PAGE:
Most of the more famous motivational speakers are high-profile personalities. Whether they rose as an inspirational speaker or as a celebrity-turned speaker, they got to where they are because they have charisma. However, charisma alone won't get you anywhere if you're planning to become a public speaker yourself. Besides your knack for positive thinking and being sincere in your messages, you'll need to develop a few skills to make it as a public speaker.

Writing

The first skill you'll need to develop is your writing skills. You already know your talent for changing lives. You'll need to start putting them in a clear and coherent order fit for big audience presentation. No public speaker goes full freestyle in an event. Doing so will increase your utterance of "ums" and other fillers. This will only make your audience doubt your confidence and may end up not listening to you at all. In contrast, you should also avoid reading fully scripted speeches. Use notes instead to stay on track of your subject matter.

Humor

Writing skills help develop another good skill for public speaking: the knack for comedy. Speeches can last from a half-hour to two hours depending on the event. Nobody can listen to the speaker for that long unless the speech is engaging enough. One way to keep the audience engaged is to make them laugh from time to time. Humor also helps lighten the mood. A speaker is usually surrounded by people with problems and it's his job to address those problems. Being too serious with your speech can add to the tension the audience already feels.

In contrast, it is unwise to add to much humor in a public speaking event. Sure, you'll be very entertaining, but the audience may start not taking you seriously. Find a healthy balance between good points and humor.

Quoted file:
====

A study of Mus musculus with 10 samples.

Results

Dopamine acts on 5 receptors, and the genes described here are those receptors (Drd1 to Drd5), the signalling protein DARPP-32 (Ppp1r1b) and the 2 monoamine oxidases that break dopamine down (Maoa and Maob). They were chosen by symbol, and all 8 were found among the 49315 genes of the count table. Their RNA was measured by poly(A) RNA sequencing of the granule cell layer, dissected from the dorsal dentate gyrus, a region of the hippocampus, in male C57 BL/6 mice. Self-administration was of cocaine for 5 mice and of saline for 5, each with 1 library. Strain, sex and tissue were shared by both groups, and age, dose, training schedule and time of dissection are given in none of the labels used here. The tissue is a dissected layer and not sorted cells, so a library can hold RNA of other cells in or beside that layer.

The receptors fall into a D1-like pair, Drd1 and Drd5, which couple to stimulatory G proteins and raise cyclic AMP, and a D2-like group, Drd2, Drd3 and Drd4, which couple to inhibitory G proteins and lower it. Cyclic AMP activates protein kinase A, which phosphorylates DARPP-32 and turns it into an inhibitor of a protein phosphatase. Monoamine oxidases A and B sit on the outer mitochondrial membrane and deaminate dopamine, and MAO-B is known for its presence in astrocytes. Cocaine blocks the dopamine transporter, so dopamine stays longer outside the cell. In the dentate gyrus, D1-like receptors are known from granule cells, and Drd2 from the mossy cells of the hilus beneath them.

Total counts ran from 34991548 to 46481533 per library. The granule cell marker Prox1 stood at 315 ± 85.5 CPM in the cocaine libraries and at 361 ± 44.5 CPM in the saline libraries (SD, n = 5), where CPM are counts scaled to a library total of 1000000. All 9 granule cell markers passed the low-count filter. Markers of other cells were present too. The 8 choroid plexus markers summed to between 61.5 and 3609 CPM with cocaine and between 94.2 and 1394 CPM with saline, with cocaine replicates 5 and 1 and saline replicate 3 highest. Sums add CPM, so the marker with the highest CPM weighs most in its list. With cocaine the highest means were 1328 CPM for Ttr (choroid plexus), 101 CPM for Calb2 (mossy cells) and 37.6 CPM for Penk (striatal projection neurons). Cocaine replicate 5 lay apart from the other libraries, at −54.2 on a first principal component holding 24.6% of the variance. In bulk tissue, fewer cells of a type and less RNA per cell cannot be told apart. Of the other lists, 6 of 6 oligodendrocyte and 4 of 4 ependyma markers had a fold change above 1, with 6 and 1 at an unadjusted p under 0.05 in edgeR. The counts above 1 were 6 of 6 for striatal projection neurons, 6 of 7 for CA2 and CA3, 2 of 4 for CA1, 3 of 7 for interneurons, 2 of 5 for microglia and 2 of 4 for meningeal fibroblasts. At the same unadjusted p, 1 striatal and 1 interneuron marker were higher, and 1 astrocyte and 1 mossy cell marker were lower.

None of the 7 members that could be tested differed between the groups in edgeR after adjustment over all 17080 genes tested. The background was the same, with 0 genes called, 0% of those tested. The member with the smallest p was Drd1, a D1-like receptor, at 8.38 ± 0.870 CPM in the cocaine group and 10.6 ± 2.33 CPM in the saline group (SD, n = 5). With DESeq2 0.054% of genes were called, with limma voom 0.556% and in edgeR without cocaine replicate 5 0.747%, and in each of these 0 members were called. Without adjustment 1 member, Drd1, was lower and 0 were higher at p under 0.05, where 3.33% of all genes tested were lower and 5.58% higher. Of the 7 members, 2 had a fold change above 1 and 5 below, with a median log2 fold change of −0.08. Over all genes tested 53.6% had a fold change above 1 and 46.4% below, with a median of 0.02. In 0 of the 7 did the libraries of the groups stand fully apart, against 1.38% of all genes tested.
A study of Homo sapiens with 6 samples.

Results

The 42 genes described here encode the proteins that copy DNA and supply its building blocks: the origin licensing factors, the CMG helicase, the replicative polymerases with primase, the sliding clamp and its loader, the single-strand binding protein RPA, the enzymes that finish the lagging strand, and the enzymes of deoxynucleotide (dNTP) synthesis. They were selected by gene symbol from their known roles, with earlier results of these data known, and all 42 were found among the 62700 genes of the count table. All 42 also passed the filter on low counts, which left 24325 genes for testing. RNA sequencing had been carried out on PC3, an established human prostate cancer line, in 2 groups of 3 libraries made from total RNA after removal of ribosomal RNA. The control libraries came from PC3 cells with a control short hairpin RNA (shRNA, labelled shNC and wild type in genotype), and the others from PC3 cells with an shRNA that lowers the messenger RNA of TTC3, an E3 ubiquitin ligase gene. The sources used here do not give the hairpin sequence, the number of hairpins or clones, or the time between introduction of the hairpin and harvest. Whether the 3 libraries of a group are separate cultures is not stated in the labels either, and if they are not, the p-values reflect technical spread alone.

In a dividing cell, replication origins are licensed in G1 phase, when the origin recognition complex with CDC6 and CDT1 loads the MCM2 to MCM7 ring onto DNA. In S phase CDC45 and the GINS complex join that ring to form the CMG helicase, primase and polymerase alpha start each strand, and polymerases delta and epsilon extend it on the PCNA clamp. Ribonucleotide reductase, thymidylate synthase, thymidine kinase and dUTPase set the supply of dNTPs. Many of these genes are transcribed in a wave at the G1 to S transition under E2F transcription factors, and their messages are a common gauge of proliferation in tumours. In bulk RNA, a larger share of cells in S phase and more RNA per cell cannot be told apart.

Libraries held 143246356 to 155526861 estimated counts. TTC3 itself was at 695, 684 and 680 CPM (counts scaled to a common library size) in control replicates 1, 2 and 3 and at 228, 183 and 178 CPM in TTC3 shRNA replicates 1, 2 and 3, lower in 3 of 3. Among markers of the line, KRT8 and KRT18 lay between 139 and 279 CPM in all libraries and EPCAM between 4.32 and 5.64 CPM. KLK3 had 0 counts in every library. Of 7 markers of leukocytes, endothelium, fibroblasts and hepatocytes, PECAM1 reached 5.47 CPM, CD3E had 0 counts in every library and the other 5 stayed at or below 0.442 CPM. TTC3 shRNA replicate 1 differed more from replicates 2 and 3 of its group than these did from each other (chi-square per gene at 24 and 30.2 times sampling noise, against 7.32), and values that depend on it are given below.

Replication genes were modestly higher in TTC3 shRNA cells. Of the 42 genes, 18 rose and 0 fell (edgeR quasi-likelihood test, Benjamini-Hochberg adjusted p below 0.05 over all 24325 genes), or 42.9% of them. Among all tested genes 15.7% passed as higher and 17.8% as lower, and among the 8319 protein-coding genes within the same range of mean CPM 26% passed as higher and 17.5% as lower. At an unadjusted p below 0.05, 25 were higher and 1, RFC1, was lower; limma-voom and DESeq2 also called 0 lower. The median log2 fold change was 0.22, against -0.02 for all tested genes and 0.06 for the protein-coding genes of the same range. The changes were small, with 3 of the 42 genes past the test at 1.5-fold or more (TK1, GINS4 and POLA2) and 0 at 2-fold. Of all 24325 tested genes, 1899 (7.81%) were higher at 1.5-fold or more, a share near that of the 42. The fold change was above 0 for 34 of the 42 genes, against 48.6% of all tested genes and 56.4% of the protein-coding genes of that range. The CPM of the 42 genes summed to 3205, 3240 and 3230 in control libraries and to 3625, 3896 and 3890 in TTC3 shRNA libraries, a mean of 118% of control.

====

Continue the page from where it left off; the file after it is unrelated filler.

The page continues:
Improve

Improvisation is also a good skill to develop. Being able to think of something from the top of your head can help you fill in any blanks that may arise from your speech. For instance, you've prepared a humorless speech because you don't know how the audience will react to jokes. When the time comes to deliver the speech, you study your audience and throw in a few jokes that will keep them engaged.

Some speakers try to get some of the audience involved during a speech. For instance, a speaker asks an audience member to cite a problem and he provides the solution relevant to the point he just made. Improv skills can help you formulate and deliver the correct answer.

Combine all those skills with a commanding presence, oozing confidence, a leader-like charisma, and a soothing voice and you'll be able to win your audience over. It is best to look at a lot of public speakers and see how they do their speeches. Study how they move, when they raise their voices, and how they structure the speech. Learn from some of the best, and you'll one day become one of them.

About Me:


Michael Folgers is a consultant for corporate affairs. He's also spent two years in the public sector, training civil service professionals. He currently speaks at corporate and public events, drawing inspiration from a lot of Australian speakers such as Larry Emdur.